Opening Reception, Thurs. May 18, 6:30 - 8:30 pm
Recently I came across a collection of Late Edo (1781-1868), Meiji (1868-1912) and Taisho (1912-1926) Period Japanese Kimono stencils called Katagami. I had a conversation with one of the shop owners about their use and function and about kimono designs of certain periods. I was reminded of my studies in Japanese history and art at university and also classes that I took during my Textile Art and Design programme at college some years later. We had to make our own katagami stencils from pressed mulberry bark paper and I showed little aptitude for the main requirement of this technique: clean precision. I moved on from that project quickly and gave it no thought again until I came across the real thing.
As I walked away from the shop that day with a few katagami stencils under my arm the inspiration for my next body of work became clear. It was to be these beautiful, old, deep brown persimmon and indigo stained bits of numbered paper each of which has a composition of cut out shapes that comprise one layer in many to complete an intricate image of repeating patterns on a length of kimono silk. The source of my inspiration was to come from my past studies and the shapes, forms, textures and tones of the katagami. I would go to my studio and work on a series to create surfaces which combine old techniques with new technology. I see the series as the meeting of different cultures in time. Source Past Surface Present.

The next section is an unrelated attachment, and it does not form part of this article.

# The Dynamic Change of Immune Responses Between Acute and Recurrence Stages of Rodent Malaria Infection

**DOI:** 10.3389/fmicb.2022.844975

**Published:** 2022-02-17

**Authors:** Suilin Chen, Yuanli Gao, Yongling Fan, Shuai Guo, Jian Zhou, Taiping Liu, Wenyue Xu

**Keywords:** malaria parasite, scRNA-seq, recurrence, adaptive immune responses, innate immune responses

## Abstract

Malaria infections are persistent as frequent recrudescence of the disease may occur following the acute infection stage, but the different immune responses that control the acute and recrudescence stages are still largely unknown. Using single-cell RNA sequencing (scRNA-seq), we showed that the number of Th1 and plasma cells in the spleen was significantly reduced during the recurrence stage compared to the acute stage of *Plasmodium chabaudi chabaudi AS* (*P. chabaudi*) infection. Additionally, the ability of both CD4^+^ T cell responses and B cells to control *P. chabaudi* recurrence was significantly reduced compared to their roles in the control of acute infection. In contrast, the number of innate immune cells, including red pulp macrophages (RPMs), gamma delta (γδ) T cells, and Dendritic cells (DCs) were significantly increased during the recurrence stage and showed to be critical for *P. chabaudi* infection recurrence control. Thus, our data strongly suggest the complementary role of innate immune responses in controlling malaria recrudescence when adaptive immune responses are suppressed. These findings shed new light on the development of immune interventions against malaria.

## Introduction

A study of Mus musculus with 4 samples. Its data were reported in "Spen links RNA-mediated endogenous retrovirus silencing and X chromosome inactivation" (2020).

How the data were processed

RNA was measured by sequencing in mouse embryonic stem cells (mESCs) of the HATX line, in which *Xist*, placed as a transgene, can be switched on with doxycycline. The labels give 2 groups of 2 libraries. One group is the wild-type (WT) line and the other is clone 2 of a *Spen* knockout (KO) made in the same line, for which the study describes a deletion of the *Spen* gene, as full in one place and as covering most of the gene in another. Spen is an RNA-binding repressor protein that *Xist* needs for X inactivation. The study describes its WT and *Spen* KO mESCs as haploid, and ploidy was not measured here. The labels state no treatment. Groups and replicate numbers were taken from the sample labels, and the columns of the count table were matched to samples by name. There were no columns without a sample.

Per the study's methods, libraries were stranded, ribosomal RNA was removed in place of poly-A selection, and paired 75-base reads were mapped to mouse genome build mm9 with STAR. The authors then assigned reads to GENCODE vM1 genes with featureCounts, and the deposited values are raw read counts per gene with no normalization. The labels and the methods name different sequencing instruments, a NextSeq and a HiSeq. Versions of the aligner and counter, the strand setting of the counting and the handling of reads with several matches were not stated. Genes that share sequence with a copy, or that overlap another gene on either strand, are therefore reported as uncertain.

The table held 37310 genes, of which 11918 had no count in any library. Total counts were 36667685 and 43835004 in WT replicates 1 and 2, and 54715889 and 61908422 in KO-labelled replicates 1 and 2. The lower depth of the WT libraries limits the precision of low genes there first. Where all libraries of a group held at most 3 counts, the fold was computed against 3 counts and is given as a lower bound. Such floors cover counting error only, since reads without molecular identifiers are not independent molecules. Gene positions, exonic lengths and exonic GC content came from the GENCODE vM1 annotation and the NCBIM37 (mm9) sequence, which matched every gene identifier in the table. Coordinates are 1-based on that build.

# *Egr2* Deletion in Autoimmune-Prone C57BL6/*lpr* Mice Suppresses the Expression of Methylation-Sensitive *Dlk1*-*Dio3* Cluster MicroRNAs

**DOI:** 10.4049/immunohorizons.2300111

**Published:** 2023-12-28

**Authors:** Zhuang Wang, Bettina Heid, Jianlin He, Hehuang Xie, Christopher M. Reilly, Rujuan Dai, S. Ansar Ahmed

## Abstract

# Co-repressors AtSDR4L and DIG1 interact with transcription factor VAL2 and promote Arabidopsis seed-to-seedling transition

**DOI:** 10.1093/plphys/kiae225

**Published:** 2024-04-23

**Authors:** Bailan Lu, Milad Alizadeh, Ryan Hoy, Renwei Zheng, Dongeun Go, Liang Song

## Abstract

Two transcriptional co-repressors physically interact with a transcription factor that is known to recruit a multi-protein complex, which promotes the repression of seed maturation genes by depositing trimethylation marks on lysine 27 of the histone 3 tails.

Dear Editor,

The series includes a wide variety of media which reflect various interpretations of surface, texture, and abstract representations of natural forms with a juxtaposition of unnatural scale. By projecting light through the stencils and drawing, photographing, painting, etching, and printing the resultant shapes, the initial exploration revealed increasing potential for development and experimentation. The process of this exploration seemed to take on a life of its own, the more that one idea was examined, the more possibilities were exposed. That is the opiate, the ceaseless learning uncovered in the process of exploration, drawing on the experiences of one's past and forming it into a tangible interpretation.